Republican William Weld launches primary challenge against Trump

Former Massachusetts Gov. William Weld (R) officially launched a long-shot primary challenge against President TrumpDonald TrumpOmar, Muslim Democrats decry Islamophobia amid death threats On The Money — Powell pivots as inflation rises Trump cheers CNN's Cuomo suspension MORE on Monday.

Weld, the Libertarian Party’s vice presidential candidate in 2016, did not mention Trump in a statement announcing his candidacy.

“In these times of great political strife, when both major parties are entrenched in their ‘win at all cost’ battles, the voices of the American people are being ignored and our nation is suffering,” Weld said.


“It is time for patriotic men and women across our great nation to stand and plant a flag. It is time to return to the principles of Lincoln – equality, dignity, and opportunity for all. There is no greater cause on earth than to preserve what truly makes America great. I am ready to lead that fight,” he added. 

Weld faces nearly impossible odds in his quest to defeat Trump in the Republican primary.

Trump’s presidential campaign raised more than $30 million in the first quarter of 2019 and has more than $40 million on hand. A recent Gallup survey found that 89 percent of Republicans have a favorable view of the president.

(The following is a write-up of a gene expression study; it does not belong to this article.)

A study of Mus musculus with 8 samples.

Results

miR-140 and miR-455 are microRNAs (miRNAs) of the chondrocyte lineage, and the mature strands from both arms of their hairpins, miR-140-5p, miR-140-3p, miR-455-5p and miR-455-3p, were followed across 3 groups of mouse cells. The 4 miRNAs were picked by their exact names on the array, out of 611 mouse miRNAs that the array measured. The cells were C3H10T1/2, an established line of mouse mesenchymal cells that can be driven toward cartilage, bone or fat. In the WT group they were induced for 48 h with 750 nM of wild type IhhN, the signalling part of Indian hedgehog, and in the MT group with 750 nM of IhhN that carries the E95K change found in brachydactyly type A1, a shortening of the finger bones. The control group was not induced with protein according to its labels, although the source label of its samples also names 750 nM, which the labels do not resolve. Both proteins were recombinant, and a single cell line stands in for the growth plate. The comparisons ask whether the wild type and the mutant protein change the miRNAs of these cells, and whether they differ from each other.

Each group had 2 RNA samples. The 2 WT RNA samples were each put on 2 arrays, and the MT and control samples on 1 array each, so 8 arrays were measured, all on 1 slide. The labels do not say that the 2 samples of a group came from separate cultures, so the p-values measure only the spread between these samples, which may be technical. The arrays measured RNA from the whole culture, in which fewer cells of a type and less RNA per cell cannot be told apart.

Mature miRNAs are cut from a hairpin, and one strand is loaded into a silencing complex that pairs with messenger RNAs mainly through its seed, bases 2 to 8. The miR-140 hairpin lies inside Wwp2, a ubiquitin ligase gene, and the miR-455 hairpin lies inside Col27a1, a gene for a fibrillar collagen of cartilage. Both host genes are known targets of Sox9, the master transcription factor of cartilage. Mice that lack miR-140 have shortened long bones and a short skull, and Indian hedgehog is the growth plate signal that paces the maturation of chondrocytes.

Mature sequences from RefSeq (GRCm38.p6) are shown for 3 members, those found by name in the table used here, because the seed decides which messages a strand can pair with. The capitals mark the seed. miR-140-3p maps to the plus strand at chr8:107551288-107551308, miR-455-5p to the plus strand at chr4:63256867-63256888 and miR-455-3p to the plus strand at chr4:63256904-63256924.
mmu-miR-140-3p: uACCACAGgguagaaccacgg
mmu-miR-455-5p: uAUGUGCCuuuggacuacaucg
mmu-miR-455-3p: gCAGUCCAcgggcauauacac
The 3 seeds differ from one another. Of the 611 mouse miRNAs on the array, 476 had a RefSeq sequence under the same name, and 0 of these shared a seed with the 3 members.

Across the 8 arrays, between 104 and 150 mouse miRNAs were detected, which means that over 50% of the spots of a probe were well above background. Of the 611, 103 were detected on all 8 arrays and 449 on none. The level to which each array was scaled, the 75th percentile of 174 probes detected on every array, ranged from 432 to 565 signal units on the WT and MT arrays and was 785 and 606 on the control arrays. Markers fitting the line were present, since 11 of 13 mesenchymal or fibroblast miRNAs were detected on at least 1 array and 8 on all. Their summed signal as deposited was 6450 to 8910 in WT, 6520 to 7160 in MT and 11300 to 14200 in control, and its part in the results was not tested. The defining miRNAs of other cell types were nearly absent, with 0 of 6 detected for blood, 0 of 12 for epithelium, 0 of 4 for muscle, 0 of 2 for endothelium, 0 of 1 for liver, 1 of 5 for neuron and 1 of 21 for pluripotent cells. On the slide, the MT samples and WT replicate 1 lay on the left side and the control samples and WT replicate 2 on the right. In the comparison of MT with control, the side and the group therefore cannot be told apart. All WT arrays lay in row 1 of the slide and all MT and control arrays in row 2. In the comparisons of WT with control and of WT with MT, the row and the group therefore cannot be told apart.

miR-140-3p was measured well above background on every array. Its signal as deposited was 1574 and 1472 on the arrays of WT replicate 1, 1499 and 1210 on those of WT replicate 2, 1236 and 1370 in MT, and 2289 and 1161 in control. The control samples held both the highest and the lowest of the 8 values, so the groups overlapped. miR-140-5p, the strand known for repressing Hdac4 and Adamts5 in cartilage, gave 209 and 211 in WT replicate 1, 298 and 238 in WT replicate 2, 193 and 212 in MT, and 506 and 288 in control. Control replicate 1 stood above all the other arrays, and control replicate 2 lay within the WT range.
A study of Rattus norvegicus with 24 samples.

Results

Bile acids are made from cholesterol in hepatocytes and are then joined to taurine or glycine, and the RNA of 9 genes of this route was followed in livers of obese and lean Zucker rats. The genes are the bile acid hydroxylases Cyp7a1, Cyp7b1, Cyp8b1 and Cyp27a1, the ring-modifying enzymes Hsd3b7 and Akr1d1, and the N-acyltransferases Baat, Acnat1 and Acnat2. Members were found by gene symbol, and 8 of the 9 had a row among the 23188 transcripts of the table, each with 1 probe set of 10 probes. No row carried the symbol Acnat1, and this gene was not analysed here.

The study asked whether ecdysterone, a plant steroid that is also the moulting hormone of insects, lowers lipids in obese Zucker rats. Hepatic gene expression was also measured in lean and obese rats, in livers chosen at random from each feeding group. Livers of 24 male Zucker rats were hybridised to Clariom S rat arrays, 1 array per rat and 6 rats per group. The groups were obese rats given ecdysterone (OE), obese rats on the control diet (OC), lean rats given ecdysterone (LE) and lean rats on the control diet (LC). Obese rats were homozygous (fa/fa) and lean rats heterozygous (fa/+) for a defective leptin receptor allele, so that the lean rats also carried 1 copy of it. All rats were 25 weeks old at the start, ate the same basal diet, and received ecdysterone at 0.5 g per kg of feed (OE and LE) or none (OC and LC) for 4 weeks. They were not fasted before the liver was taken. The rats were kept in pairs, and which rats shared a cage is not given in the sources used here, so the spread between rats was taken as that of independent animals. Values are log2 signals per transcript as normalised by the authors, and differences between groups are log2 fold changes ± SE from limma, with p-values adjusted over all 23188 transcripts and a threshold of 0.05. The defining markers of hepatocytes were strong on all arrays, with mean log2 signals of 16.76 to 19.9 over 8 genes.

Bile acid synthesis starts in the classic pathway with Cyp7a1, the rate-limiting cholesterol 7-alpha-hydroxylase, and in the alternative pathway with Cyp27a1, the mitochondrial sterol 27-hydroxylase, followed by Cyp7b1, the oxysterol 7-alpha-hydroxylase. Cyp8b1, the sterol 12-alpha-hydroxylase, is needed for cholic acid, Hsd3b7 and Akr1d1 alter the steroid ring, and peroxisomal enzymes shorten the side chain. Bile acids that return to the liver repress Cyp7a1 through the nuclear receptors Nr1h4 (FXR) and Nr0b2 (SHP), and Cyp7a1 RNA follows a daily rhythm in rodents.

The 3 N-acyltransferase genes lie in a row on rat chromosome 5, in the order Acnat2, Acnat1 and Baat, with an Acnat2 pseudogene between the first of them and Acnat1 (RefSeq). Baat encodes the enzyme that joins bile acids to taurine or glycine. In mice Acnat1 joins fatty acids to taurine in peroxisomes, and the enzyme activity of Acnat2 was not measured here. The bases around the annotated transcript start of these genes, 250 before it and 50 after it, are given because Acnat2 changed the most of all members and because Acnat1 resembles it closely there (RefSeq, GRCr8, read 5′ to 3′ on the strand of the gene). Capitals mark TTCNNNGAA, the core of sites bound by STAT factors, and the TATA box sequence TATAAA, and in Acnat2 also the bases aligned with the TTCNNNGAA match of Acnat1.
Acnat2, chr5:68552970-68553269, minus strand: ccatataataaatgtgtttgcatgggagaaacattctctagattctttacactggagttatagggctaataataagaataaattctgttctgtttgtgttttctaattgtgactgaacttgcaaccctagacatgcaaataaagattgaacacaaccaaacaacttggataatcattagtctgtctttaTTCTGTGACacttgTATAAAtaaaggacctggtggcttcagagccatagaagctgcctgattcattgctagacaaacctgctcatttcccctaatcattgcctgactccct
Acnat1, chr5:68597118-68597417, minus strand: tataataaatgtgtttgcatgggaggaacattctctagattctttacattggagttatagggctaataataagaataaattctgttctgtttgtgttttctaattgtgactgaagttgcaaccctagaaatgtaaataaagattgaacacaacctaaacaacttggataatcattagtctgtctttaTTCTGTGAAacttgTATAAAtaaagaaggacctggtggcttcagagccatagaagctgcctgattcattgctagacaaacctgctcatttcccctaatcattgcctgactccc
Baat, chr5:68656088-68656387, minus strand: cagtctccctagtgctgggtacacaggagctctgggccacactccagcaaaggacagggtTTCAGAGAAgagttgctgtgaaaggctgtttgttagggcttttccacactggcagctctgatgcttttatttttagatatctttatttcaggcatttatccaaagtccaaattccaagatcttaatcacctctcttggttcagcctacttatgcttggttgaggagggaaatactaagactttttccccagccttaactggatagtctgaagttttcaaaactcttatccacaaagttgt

The Republican National Committee has taken steps to head off a potential primary challenger, voting to express its “undivided support” for the president. And the Trump campaign has been staffing up with party insiders to map out a delegates strategy to ensure there are no surprises at the 2020 convention.

A group of “Never Trump” Republicans led by Weekly Standard founder Bill Kristol have been holding meetings about recruiting a primary challenger against Trump. They have not decided on a potential challenger but do not view Weld as a top recruit.

Some Republicans remain hopeful that Maryland Gov. Larry Hogan (R) or former Ohio Gov. John Kasich (R) will jump into the primary against Trump.


Still, the effort to deny Trump the GOP nomination would be a long shot, even if the “Never Trump” Republicans land one of their top prospects.

Kristol led the doomed effort to recruit a conservative challenger in 2016 once it became clear that Trump would win the GOP nomination. At one point, Kristol hoped to recruit former U.S. Marine Corps Gen. John KellyJohn Francis KellyMORE, who went on to become Trump’s chief of staff.

The “Never Trump” Republicans ultimately failed to land a top-tier candidate and turned to David French, a lawyer and writer for the National Review, who had little name recognition outside elite conservative media circles. French passed on a presidential run.

At the 2016 Republican National Convention, a small but vocal group of Republicans sought to sabotage the proceedings and replace Trump on the ticket. Their last-ditch effort fizzled.

And former CIA operative and Republican consultant Evan McMullin launched a long-shot protest candidacy that pulled 21 percent of the vote in his home state of Utah but otherwise failed to cut into Trump’s support. Trump is unpopular in deep-red Utah but still won the state easily.